Your logo carries a lot of weight for your business and should be treated that way. It’s not just a visual symbol you slap on your stationery. It’s much more than that and may say more than what you think.
It’s the starting point
Your logo is the starting point for any interaction you have with potential customers. This can be on your website, stationery or even on your social media pages. It’s typically in the upper left of a document or page and is naturally where most look first. The first impression is more important than ever with attention spans decreasing by the second.
It’s who you are
Your logo is a visual representation of what your business provides and how it provides it. The different aspects of your logo such as color, font, size, boldness, etc. says who you are very quickly. People are used to seeing logos and subconsciously make a decision immediately whether a company might be dependable or worth calling by looking at the quality of their logo. If the business hasn’t taken the time to create a great logo, why would they care to do a good job for me? This carries throughout the rest of your marketing materials as well such as your website, printed materials, and social media. Your logo is your brand and says a lot about your business. Be sure to give it the attention it deserves and you’ll see the benefits.
The message of color and type
You may be sending a different message with your logo that you think. What colors are being used in your logo? Are you using a strong color pallet with reds and blacks or more subtle colors? Does your color pallet mirror the type of services or products you’re offering? The answers to these questions don’t come easy to everyone, but are aspects that need to be taken seriously when designing your logo. Typically stronger colors represent power and boldness while softer muted colors tend to be more approachable and friendly. What’s right for your business depends on what personality you would like to portray, your target audience and the industry you’re in. The same goes with your font selection. The subtle differences in typefaces can represent different feelings and personalities. Headline fonts tend to be more forward and in your face while a thinner font may be more elegant and sophisticated. Most typefaces have different weights and styles. When picking a font, look at the available styles and weights for that font. Consider what applications you’ll need it for. How large or small will the fonts need to be? Experiment with shrinking your type way down and making it large. Does it hold up a different sizes? Put as much importance on your font selection as you do your icon. For some logos, these are one in the same which adds even importance. And last, don’t forget about your tagline. If you have one, it’s typically much smaller and will need to be legible at smaller sizes.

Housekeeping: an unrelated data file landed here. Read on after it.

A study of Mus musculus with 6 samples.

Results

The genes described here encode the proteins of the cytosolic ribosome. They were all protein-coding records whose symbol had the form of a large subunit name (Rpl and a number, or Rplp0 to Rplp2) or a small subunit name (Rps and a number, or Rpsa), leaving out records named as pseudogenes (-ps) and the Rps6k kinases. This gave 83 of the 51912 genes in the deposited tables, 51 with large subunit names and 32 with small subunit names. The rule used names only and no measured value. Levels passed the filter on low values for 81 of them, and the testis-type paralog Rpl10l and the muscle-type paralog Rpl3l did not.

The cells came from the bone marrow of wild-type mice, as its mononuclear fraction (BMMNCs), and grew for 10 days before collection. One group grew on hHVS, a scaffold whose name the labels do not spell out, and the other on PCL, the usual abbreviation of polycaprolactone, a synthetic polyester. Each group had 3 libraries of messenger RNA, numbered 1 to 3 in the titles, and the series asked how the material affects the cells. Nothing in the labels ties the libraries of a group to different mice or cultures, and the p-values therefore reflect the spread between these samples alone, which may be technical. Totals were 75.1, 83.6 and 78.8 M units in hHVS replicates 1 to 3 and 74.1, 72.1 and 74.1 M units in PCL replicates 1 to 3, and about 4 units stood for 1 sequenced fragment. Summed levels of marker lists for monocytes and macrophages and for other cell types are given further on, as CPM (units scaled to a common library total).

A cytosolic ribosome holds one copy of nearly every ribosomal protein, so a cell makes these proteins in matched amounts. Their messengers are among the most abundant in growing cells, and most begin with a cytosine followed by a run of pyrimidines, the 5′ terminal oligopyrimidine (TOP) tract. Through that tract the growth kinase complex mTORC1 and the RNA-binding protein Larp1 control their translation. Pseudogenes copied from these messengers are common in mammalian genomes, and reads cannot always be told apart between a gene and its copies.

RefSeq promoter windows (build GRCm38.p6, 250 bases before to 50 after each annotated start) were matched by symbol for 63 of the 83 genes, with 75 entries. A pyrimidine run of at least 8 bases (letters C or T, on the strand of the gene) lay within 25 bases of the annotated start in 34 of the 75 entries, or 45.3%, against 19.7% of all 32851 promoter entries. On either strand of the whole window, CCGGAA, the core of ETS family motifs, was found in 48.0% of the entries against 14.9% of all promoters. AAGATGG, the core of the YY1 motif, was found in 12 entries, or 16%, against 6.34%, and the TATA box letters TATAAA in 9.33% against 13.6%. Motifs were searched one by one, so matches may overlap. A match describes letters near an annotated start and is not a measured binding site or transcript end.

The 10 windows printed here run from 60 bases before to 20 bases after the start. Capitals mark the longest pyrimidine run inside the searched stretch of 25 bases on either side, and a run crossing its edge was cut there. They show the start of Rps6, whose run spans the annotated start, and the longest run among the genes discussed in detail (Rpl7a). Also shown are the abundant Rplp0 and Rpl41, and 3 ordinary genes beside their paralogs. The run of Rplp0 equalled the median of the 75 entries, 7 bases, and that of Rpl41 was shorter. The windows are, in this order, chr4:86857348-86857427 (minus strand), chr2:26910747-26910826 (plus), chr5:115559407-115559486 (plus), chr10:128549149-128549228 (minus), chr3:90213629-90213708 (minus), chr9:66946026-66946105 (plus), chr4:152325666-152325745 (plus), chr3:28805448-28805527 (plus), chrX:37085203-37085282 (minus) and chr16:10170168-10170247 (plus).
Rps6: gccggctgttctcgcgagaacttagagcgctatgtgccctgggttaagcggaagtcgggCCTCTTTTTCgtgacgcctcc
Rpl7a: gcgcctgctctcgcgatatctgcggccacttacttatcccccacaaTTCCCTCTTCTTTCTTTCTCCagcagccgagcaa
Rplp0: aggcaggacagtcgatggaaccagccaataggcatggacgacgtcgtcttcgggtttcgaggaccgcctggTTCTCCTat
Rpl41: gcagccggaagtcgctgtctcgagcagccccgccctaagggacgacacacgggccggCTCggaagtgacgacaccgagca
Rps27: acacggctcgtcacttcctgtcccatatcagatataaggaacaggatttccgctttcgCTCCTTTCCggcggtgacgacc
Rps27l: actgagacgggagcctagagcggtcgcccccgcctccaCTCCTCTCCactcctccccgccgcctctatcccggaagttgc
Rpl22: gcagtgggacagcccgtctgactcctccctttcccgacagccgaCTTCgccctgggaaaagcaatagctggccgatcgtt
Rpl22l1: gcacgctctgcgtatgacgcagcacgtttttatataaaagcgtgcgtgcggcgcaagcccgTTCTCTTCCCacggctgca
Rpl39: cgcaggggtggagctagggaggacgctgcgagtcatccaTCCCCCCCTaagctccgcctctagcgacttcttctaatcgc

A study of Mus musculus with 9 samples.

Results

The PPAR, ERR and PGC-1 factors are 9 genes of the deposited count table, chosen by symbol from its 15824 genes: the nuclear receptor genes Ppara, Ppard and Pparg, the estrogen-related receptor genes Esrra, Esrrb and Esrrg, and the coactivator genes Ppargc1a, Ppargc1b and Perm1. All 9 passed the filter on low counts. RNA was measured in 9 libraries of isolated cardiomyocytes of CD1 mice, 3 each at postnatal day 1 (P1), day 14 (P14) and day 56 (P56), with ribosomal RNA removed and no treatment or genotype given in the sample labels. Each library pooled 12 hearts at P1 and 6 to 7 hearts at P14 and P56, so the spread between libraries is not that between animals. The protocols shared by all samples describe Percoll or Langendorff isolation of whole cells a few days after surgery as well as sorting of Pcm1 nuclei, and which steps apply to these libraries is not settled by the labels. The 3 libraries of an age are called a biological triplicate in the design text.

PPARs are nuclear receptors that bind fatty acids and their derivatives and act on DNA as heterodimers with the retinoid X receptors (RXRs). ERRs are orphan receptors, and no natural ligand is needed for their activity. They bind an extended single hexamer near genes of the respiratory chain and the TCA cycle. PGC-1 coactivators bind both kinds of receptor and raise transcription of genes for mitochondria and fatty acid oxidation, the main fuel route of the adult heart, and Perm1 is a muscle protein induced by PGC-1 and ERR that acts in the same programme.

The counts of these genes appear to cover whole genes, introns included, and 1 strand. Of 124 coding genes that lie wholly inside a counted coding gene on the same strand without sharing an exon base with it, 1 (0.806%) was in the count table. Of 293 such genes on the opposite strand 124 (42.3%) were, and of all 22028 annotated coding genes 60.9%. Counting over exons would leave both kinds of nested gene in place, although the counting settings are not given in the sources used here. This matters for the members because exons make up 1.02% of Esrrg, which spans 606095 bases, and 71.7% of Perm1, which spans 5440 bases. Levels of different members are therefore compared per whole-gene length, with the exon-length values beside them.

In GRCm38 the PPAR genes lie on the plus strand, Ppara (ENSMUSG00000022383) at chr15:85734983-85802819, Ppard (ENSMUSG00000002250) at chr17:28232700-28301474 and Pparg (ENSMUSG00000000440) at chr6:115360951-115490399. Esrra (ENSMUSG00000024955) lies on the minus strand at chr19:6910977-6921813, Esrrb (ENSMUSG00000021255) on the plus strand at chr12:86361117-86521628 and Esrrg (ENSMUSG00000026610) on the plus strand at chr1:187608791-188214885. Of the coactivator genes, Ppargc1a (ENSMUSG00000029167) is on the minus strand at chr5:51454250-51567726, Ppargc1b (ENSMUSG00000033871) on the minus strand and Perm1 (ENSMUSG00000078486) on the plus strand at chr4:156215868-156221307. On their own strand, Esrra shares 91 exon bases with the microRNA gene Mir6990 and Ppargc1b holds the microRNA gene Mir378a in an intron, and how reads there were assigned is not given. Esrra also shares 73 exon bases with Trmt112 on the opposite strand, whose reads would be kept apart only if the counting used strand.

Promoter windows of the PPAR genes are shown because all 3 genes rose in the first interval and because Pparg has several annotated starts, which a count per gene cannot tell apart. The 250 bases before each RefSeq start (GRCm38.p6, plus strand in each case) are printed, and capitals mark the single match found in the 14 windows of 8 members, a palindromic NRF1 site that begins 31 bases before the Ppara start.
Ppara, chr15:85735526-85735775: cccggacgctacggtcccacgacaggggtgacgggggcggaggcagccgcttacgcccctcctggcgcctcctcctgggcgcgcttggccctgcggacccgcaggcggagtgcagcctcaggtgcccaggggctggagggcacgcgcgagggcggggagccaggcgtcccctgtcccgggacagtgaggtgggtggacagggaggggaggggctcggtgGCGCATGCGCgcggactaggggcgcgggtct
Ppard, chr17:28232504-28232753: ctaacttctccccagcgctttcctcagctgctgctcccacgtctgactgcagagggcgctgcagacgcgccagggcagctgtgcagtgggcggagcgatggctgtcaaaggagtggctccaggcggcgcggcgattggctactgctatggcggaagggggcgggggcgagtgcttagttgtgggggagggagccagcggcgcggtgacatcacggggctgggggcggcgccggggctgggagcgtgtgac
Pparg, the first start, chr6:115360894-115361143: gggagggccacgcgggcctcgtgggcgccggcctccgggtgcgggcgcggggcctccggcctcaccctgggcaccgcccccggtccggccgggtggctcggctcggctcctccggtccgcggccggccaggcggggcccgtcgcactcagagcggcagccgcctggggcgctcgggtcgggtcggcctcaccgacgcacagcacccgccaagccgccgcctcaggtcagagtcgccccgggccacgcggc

Your logo investment
If you’re considering redesigning your logo, don’t take the decision lightly. How much do you have invested in your current logo? Consider how your customers might take your rebranding. Do you have an older customer base who may be confused by the change? Do you have customers who may think you’ve been bought out? Consider putting together a process for educating your customers on the reasoning behind your rebrand. It’s also an opportunity to create a press release announcing new and fresh material. Think through whether it’s the right time for a rebrand and how you plan on communicating that to your customers. As you’ve probably seen with some bigger brands, a rebrand can be a disaster if the logo is not well accepted. You’ll find that everyone will have an opinion about design whether you want to hear it or not. In fact, these opinions good and bad are a must to make sure you’re on the right path. Take the time during the logo design process to get some feedback from larger groups to cut out some of the headache that follows.
Let the designers do their work
Give your designers the permission to explore with your new logo. They’ve taken the time to research your industry and have asked you a hundred questions about your business for a reason. There is a lot to say with your logo and a good designer takes all of these things into consideration. Don’t try to micro-manage your designer by giving too much direction. Let them explore the possibilities first before injecting too much criticism. There is a time a place for comments, suggestions and criticism, but the beginning exploration stages is not the time. Expect your designer to give you a few options, not twenty. Designers keep options limited with an effort to stay focused conceptually. In the logo design process, before you see any concepts, the designer has already been through an exploratory phase which involves trying various marks and treatments which allow them too separate good ideas from bad. The first visuals you see are not their first ideas, but likely a few among forty or fifty.